IN RE: the Compensation of Metin Basmaci, Claimant. Metin BASMACI, Petitioner, v. THE STANLEY WORKS, Respondent.
Claimant seeks judicial review of an order of the Workers' Compensation Board, raising multiple assignments of error. We affirm without discussion all assignments of error except for the assignment of error concerning interim compensation, attorney fees,1 and penalties.
The facts will be abbreviated because we write on only one assignment of error. Beginning in 1995, claimant sought medical treatment for his feet. In January 1998, the processing agent for employer accepted a nondisabling claim for bilateral plantar fasciitis. Claimant was prescribed custom orthotics. After using the orthotics, claimant developed low-back pain. In June 1998, one of claimant's attending physicians completed a “First Medical Report” form, in which he diagnosed a low-back strain and released claimant for modified work. Employer did not deny the low-back claim until May 1999. From the time that the claim was received by employer until the denial, employer did not pay claimant any interim compensation.
At hearing, claimant sought interim compensation from June 29, 1998, to the date of hearing and a penalty for the employer's unexplained failure to pay interim compensation. The administrative law judge (ALJ) set aside the low-back denial and ordered employer to pay the appropriate amount of interim compensation and a penalty on all compensation due from June 29, 1998, to May 25, 1999, the date of employer's denial of the claimant's low-back strain.
Employer requested Board review. The Board reinstated employer's denial of the low-back strain. The Board also reversed the ALJ's award of interim compensation and penalties. The Board did not discuss whether claimant was entitled to interim compensation:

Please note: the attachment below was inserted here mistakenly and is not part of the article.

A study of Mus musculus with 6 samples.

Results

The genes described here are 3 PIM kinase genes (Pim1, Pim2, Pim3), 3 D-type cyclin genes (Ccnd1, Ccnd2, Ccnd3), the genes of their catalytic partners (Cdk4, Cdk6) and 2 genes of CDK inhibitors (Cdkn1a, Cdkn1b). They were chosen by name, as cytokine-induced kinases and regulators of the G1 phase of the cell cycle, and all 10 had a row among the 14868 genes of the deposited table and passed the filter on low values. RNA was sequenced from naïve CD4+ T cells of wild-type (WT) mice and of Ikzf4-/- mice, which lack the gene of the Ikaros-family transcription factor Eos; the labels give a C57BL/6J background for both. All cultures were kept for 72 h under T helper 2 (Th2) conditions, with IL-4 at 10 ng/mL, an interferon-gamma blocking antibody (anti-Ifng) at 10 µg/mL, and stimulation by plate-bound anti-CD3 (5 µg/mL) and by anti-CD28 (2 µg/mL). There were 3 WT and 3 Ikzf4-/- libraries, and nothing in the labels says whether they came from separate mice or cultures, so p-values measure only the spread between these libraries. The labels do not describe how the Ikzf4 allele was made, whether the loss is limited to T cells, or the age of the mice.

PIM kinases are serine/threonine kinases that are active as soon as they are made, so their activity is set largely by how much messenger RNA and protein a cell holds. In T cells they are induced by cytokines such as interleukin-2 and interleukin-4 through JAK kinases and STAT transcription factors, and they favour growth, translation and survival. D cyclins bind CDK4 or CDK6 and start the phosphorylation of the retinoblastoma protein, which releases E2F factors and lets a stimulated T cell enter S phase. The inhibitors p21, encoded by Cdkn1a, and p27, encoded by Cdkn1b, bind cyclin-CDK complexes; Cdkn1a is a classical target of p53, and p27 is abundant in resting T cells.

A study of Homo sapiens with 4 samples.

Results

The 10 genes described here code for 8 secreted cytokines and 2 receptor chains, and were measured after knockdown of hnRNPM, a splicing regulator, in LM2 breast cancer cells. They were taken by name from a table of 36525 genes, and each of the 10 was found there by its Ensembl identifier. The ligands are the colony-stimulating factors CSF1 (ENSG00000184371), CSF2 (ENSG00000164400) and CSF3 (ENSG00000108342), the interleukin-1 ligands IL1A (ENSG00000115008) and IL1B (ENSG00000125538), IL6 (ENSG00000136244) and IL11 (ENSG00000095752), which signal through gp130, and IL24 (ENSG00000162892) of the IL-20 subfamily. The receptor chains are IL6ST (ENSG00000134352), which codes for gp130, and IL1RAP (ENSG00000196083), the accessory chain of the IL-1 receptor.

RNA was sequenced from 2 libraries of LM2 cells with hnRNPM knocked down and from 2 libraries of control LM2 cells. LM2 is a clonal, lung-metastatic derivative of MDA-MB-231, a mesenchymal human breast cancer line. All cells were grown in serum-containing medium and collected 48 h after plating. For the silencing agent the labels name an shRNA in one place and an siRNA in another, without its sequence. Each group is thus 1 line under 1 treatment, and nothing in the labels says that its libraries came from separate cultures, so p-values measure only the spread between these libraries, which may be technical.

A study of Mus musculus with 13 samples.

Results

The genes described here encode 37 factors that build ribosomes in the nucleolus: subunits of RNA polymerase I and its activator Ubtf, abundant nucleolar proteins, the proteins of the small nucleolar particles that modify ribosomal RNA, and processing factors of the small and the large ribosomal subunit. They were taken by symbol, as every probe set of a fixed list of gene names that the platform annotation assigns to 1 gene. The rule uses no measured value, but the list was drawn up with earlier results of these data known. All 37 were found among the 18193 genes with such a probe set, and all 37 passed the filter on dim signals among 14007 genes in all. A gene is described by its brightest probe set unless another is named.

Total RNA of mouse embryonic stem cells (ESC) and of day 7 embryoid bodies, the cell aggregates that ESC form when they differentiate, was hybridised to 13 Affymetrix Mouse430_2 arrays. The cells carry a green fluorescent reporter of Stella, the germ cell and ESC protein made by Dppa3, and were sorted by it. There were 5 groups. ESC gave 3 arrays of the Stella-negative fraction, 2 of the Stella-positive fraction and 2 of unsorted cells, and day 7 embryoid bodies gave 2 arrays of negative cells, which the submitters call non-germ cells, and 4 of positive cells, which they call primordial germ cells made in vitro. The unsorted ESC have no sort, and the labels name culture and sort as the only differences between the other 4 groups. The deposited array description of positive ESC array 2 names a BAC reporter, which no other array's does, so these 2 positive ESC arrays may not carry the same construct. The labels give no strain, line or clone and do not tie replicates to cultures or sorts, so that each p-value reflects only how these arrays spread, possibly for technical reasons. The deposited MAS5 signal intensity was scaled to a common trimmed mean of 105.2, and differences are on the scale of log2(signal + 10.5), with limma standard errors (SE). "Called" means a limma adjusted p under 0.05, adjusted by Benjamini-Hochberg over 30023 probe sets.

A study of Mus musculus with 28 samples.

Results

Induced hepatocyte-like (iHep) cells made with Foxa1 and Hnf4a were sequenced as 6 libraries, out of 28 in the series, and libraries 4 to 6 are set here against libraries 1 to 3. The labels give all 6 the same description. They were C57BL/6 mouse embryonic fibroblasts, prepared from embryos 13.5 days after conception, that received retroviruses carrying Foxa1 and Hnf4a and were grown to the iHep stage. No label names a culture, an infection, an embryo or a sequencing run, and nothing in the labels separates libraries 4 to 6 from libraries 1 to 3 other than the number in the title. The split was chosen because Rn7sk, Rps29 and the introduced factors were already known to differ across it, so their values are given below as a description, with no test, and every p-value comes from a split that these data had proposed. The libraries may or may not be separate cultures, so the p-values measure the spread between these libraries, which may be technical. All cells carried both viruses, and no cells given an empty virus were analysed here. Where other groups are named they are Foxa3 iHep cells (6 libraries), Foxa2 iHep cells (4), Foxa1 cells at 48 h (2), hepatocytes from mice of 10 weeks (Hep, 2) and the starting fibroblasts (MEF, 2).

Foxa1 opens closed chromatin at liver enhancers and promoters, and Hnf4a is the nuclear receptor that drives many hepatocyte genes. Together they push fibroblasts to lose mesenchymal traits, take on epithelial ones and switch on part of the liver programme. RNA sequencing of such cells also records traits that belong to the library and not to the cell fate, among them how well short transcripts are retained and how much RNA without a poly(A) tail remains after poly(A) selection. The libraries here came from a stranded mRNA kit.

“Inasmuch as we have upheld the employer's denial of claimant's low back condition, we also reverse the ALJ's award of temporary disability related to that condition. Similarly, we reverse the ALJ's awards of penalties and attorney fees because there are no amounts ‘then due’ and no unreasonable resistance to compensation upon which to base such awards.”
Interim compensation is not the same as temporary disability benefits. Botefur v. City of Creswell, 84 Or.App. 627, 630, 735 P.2d 20 (1987). In fact, a claimant may be entitled to interim compensation even though there is no entitlement to temporary disability. Jones v. Emanuel Hospital, 280 Or. 147, 151-52, 570 P.2d 70 (1977). Employer candidly conceded that much in its brief:
“Claimant's description of these events postures the claim as a conventional bid for interim compensation that accrued during the ‘interim’ between the submission of a low back claim and the date upon which it was denied. If that is all there were to the matter, the Court would be compelled to reverse.”
Additionally, employer noted in a footnote:
“Employer does not concede error, but acknowledges it has not been able to determine how the Board concluded reinstatement of the denial mooted claimant's procedural entitlement to that portion of the claimed temporary disability benefits (‘interim compensation’) that might have accrued before the employer issued its December 28, 1998 back-up denial.” (Emphasis in original.)
Nonetheless, employer argues that its concession does not require an award of interim compensation because, in part, claimant never submitted a valid low-back strain claim under ORS 656.262(7)(a).
The Board never considered claimant's request for interim compensation or penalties for the failure to pay interim compensation. Nor did the Board consider employer's argument that claimant was not entitled to any interim compensation or penalties. The Board needs to consider those arguments.
Order reversed and remanded for reconsideration of interim compensation, penalties, and attorney fees; otherwise affirmed.
1. If claimant is entitled to any interim compensation, then his attorney would be entitled to an out-of-compensation attorney fee. ORS 656.386(2).